Opening reception Sunday, March 16, 2:00-5:00 pm, with a talk by Ida Wyman at 2:30 pm.
These paired exhibitions present work by Ida Wyman and Kevin Miyazaki, who both began their careers as photojournalists and have developed personal bodies of work that transcend editorial photography. Their beautiful, richly evocative images raise important questions about social conditions, economic issues, and racial and political tensions.
Ida Wyman: The Chords of Memory
Ida Wyman began working as a photojournalist in the 1940s and quickly developed into a serious artist. A pioneer in her field as a young woman, Wyman was the first female printer at Manhattan's Acme Newspictures (now UPI). She became a successful freelance photographer for publications like Life, Colliers, and The New York Times, and later worked as a scientific photographer for Columbia University. Today she is intensely involved in curating and printing her early work.
Wyman's photographs capture intimate moments from daily life and reflect her concern for social justice and the dignity of ordinary people. Whether they depict children at play, men and women at work, or a moment on an urban street, her images are infused with warmth and compassion. This exhibit will focus on new prints of Wyman's work from the 1940s and 1950s, when she worked on assignment for many national publications, but will also include a collection of vintage prints and ephemera and a number of more recent works. While Wyman works primarily in black and white, the exhibit will include several of her exquisite color photographs as well.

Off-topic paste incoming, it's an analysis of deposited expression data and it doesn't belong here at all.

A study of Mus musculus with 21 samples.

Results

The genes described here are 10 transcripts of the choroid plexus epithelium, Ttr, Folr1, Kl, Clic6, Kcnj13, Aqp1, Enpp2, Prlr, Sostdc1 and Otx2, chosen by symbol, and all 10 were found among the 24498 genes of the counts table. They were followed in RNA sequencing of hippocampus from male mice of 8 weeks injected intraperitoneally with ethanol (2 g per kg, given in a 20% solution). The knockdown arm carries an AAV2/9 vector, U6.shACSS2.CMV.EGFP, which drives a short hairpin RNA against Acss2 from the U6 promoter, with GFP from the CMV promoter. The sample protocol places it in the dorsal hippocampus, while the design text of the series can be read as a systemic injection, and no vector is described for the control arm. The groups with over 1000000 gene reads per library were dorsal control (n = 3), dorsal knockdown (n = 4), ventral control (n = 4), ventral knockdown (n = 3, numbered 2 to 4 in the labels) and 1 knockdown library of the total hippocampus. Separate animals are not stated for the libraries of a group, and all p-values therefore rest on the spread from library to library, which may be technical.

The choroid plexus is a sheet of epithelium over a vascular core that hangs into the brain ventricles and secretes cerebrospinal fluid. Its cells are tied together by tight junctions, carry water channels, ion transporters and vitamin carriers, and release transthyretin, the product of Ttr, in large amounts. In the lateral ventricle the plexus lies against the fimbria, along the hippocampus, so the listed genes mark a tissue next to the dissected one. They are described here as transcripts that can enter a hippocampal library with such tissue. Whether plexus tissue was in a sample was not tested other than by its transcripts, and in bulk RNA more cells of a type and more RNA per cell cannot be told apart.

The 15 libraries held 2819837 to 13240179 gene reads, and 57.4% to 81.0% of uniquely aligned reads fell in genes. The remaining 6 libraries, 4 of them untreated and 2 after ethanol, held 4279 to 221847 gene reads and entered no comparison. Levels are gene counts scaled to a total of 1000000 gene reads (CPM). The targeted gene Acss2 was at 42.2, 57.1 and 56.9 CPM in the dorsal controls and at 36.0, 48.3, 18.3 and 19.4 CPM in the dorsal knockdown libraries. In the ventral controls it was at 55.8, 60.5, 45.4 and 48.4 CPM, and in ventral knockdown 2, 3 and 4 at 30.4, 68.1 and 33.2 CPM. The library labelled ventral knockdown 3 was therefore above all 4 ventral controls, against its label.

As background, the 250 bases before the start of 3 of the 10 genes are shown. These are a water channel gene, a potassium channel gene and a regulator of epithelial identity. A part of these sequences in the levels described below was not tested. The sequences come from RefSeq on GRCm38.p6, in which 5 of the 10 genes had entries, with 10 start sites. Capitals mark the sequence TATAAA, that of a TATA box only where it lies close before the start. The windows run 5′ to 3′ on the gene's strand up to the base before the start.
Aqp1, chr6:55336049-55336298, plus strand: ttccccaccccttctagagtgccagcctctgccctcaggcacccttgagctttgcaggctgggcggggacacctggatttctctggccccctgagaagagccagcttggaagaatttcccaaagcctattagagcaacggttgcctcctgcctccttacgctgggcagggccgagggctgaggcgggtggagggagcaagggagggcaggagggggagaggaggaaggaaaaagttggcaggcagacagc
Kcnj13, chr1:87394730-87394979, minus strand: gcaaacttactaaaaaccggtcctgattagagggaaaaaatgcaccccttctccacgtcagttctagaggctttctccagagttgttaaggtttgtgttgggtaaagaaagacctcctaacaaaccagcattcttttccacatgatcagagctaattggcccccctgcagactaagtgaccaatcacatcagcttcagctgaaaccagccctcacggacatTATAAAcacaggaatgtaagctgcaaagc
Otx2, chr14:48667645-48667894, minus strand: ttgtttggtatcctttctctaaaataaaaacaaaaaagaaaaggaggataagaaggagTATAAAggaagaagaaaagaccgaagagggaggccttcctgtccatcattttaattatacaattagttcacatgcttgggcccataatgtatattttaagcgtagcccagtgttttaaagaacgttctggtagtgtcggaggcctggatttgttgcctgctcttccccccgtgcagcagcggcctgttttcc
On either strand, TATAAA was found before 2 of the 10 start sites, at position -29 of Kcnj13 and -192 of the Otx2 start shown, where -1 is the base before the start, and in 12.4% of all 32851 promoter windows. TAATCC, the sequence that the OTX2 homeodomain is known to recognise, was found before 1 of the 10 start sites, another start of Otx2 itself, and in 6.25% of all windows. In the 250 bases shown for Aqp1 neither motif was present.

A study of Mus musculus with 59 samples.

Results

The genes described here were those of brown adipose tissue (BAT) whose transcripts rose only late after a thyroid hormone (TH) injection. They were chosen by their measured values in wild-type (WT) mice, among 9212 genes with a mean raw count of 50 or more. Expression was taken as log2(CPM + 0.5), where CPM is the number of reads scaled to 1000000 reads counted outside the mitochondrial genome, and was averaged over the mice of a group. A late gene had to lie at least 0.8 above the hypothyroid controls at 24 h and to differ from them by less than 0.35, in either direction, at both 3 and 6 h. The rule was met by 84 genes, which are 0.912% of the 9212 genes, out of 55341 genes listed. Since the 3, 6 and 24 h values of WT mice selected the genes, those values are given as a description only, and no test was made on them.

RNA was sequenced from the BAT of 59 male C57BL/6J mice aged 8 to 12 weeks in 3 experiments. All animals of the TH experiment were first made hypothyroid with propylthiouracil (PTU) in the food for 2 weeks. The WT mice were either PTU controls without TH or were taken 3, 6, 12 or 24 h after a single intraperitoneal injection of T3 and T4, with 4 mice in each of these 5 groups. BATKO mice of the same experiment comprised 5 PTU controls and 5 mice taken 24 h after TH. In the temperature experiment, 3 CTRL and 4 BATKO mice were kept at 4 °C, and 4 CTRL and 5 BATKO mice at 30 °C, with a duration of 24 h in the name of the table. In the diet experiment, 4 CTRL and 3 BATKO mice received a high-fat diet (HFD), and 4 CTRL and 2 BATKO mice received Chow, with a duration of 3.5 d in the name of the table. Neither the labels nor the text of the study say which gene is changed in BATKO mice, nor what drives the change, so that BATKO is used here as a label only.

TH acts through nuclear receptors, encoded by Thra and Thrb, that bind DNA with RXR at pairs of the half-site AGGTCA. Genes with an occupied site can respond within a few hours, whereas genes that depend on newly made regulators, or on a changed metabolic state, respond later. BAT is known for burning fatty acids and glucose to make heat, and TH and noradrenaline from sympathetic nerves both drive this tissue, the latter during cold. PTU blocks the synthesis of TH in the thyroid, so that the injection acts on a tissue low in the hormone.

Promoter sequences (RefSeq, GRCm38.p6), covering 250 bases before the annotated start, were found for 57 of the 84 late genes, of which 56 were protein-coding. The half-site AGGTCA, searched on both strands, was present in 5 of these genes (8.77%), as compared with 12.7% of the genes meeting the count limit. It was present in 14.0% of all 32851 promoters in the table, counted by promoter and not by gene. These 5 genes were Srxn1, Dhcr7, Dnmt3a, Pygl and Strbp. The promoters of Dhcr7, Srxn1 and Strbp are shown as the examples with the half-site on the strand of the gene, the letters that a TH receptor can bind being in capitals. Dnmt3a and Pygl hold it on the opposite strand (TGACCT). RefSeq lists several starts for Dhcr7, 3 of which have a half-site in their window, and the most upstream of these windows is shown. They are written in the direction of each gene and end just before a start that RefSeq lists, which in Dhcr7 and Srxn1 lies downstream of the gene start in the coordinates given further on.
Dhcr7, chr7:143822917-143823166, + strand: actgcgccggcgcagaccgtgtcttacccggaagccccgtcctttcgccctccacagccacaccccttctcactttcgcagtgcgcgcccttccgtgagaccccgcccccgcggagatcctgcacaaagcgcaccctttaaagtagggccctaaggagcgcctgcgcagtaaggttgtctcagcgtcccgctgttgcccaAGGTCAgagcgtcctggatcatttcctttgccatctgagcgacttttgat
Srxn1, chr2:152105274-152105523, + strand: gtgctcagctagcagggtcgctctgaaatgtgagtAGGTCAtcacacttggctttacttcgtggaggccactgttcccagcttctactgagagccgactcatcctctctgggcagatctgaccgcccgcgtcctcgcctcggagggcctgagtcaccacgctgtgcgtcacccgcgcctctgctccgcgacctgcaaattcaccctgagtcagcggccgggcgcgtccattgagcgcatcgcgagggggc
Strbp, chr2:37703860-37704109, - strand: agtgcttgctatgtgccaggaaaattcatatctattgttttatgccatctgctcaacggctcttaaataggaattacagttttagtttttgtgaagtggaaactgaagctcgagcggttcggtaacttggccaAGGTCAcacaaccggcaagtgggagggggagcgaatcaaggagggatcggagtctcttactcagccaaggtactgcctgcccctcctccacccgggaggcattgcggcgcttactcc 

Kevin Miyazaki: Camp Home
Kevin Miyazaki's work often explores family history and memory. He will be showing prints from his series Camp Home, which documents repurposed barracks used as internment camps for Japanese Americans (including some of Miyazaki's own relatives) during WWII. These internment camps were sited in dusty, barren landscapes, and the barracks in which Japanese cilivians were housed were severely utilitarian structures. After the war, the barracks were distributed to returning veterans, who used them as homes, barns, and outbuildings. Miyazaki's images capture the experience of the Nisei as well as the barracks' subsequent owners. He writes, "The act of searching for the buildings and approaching their owners is important to my process. Family histories intersect and are connected by the history of these buildings, and by the lives lived within their walls."
The exhibition will also include Miyazaki's recent artist's book inspired by a 1940 catalog of Sears home models. This "fictional but factual" publication is full of period photographs and quotes that lend context to his lovely but spare photographs.
Images: (l) Ida Wyman,Checking out the Card Game, New York City, 1948. (r) Kevin Miyazaki, Huffman property on CR177 (N. of CR120 on the East side) No. 33. Likely TID# 5076, 2010.